ROME: The death toll from COVID-19 in Italy jumped to 52 on Monday (Mar 2) from 34 the day before and the total number of confirmed cases in Europe's worst affected country climbed past the 2,000 mark.
The increase in deaths was the largest since the outbreak surfaced 10 days ago in the wealthy northern regions of Lombardy and Veneto. Lombardy, around Italy's financial capital Milan, is by far with hardest hit, with 38 casualties.
The virus has since spread south but the vast majority of cases remain centred on the original hotspots, with the addition of Emilia Romagna, another affluent region which borders on both Lombardy and Veneto and now has more cases than Veneto.
In total, 2,036 people have tested positive in Italy, up from 1,694 on Sunday. Of these, 149 have recovered, the civil protection agency said.
"What is comforting is that 50 per cent of the 258 people who tested positive (in the last 24 hours) have no symptoms or are being looked after at home," Angelo Borrelli, head of the agency, told reporters.
In total, Italy has tested 23,345 people for the disease.
The Lombardy regional government urged people over the age of 65 to remain at home, as data showed they were by far the most vulnerable to the highly contagious illness.
"All those who have died (in Lombardy) are people over 65 with underlying health conditions, especially cardiovascular problems," said Giulio Gallera, the region's councillor responsible for welfare policy.
In a worrying development, a policeman and a fireman based in Rome have also tested positive, authorities said, raising the risk of the virus spreading in the Italian capital.
Cases in Rome, Italy's largest city with three million people, had previously been limited to a Chinese couple on holiday and an Italian repatriated from the Chinese city of Wuhan - where the outbreak originated late last year - on a special flight and hospitalised. All three recovered.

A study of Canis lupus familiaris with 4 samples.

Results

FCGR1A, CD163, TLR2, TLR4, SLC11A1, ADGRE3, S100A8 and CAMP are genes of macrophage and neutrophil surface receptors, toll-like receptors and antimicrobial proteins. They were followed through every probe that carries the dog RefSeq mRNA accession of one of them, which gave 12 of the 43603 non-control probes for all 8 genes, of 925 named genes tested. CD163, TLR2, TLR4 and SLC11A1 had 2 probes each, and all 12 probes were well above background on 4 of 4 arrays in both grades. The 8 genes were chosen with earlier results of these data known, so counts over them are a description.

On Monday, the Spallanzani infectious diseases hospital where the policeman was staying announced that his wife, two children and sister-in-law were also infected.
The school attended by his son, in the nearby town of Pomezia, was closed and lessons were suspended in the university faculty at Rome's main Sapienza university, attended by his other son.
The coronavirus is taking a heavy toll on Italy's economy, which was already teetering on the verge of recession before the outbreak, with sectors from manufacturing to tourism hit by a plunge in orders.
Several international airlines including Lufthansa Delta Airlines and countries such as the Czech Republic have reduced or suspended flights to Italian cities.
Milan cathedral reopened to the public on Monday but schools and universities remain closed and many companies told staff to work from home.
The top of the UniCredit skyscraper in Milan was lit in red, white and green, the colors of the Italian flag, in a sign of solidarity with people hit by the virus.
National statistics bureau ISTAT reported on Monday that the 2019 budget deficit came in at 1.6 per cent of national output, the smallest fiscal gap for 12 years.
The much-lower-than-expected reading potentially gives the coalition of the anti-establishment 5-Star Movement and the center-left Democratic Party more leeway to spend and borrow this year - good news with coronavirus costs soaring.
Economy Minister Roberto Gualtieri announced on Sunday the cabinet would this week approve 3.6 billion euros (US$3.5 billion) of measures to help companies.
An aid package worth 900 million euros was unveiled on Friday for the worst-impacted zones.